Members of the Florida delegation, led by U.S. Rep. Val Demings, D-Fla., sent a letter last week to the leadership of the U.S. House Transportation and Infrastructure Committee, calling for Congress to “make privately funded higher-speed intercity passenger rail carriers eligible for PRIME grants if they apply in partnership with one of the other eligible governmental entities.”
Demings rounded up U.S. Reps. Ted Deutch, D-Fla., Carlos Gimenez, R-Fla., Stephanie Murphy, D-Fla., Maria Elvira Salazar, R-Fla., Darren Soto, D-Fla., and Debbie Wasserman Schultz, D-Fla., to sign the letter.
“Florida has the first operational higher-speed rail system in the United States,” they wrote. “Brightline built the first phase of its rail network between Miami and West Palm Beach. It is now constructing the second phase to Orlando International Airport and is over 50 percent complete. Brightline is also planning a third extension to Tampa. Not only does high-speed rail provide fast, safe, and reliable transportation, but it reduces greenhouse gas emissions by providing a viable alternative to travel by passenger vehicle. We see great benefits from high-speed rail enabling tourists to travel from beaches to theme parks and for business travelers to travel around the state by train. Our communities have also benefited from economic development around train stations.”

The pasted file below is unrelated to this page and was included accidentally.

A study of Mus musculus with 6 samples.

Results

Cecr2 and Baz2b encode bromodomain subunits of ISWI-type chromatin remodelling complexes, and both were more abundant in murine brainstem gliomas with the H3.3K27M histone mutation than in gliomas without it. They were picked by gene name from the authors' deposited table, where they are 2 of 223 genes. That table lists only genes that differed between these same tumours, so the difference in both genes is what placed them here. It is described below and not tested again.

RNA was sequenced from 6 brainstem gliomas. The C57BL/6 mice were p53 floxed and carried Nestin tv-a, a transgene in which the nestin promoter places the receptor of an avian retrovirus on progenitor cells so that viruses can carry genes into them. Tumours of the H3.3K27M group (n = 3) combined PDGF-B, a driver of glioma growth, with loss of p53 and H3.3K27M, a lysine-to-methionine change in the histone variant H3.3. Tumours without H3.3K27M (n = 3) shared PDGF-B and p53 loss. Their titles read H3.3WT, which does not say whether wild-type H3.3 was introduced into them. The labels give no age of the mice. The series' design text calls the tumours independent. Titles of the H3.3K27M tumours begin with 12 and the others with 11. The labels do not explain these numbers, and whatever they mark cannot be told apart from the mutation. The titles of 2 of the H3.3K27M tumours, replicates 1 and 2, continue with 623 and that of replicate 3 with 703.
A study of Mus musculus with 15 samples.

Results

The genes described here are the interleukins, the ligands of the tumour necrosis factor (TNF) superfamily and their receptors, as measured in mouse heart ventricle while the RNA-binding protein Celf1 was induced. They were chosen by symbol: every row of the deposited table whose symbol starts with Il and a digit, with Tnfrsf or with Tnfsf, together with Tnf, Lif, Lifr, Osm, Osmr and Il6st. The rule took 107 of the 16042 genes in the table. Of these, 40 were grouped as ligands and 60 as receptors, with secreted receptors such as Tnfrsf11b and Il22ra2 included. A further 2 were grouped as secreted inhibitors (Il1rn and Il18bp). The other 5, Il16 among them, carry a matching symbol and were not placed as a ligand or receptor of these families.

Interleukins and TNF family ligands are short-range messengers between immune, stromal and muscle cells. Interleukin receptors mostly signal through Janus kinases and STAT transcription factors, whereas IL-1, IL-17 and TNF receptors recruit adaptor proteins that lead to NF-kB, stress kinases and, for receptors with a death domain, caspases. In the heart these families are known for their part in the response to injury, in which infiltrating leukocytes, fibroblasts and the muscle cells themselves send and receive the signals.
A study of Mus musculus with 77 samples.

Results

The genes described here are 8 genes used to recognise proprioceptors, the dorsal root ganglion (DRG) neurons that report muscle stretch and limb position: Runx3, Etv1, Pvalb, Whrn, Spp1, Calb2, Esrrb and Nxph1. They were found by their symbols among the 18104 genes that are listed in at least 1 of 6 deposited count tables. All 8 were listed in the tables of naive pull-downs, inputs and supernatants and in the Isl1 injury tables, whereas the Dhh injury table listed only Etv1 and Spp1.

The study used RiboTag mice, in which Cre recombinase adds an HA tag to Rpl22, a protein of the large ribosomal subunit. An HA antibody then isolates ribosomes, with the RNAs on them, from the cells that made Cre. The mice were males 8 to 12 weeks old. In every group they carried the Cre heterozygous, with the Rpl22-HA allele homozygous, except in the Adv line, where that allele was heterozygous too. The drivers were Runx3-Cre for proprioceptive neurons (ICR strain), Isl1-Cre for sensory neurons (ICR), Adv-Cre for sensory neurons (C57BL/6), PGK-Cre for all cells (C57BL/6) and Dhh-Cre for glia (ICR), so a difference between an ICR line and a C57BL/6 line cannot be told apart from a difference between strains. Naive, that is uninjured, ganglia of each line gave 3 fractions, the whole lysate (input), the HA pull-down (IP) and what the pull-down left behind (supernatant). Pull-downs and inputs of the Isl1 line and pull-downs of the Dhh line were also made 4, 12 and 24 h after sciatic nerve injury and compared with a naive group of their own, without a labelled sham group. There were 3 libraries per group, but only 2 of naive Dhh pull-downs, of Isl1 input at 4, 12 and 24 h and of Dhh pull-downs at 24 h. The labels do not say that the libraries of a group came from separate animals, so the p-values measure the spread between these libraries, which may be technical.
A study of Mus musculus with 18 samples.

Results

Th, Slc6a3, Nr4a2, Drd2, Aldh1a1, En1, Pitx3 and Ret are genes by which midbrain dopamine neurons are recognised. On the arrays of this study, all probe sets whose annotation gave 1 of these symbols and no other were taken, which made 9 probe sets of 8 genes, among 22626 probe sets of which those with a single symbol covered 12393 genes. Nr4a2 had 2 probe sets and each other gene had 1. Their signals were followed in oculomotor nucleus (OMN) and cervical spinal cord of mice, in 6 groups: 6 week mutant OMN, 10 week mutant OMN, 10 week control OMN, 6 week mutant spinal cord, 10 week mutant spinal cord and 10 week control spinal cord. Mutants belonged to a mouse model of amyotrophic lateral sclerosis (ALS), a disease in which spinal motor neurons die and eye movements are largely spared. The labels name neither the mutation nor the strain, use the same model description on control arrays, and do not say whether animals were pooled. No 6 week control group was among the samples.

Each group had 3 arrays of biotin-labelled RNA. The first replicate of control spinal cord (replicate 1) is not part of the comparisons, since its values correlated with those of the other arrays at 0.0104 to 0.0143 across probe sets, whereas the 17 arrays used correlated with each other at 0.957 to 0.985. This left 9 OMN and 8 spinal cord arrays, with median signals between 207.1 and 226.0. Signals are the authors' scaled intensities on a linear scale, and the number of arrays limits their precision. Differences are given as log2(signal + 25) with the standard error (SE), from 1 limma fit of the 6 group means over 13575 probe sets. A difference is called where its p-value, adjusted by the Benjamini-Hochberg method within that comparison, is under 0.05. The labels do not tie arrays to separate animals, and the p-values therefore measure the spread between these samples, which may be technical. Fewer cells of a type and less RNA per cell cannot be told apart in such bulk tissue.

Demings’ office showcased the federal program on Monday.
“The Passenger Rail Improvement, Modernization and Expansion (PRIME) grant program is a new $19 billion program ‘devoted entirely to passenger rail improvements and expansion, performance optimization, and intercity passenger rail transportation expansion,’” Demings’ office noted. “Access to the federal PRIME grant program—along with U.S. Department of Transportation transparency and oversight of these funds—is important to the construction of high-speed passenger rail connecting major population and economic centers throughout Florida.”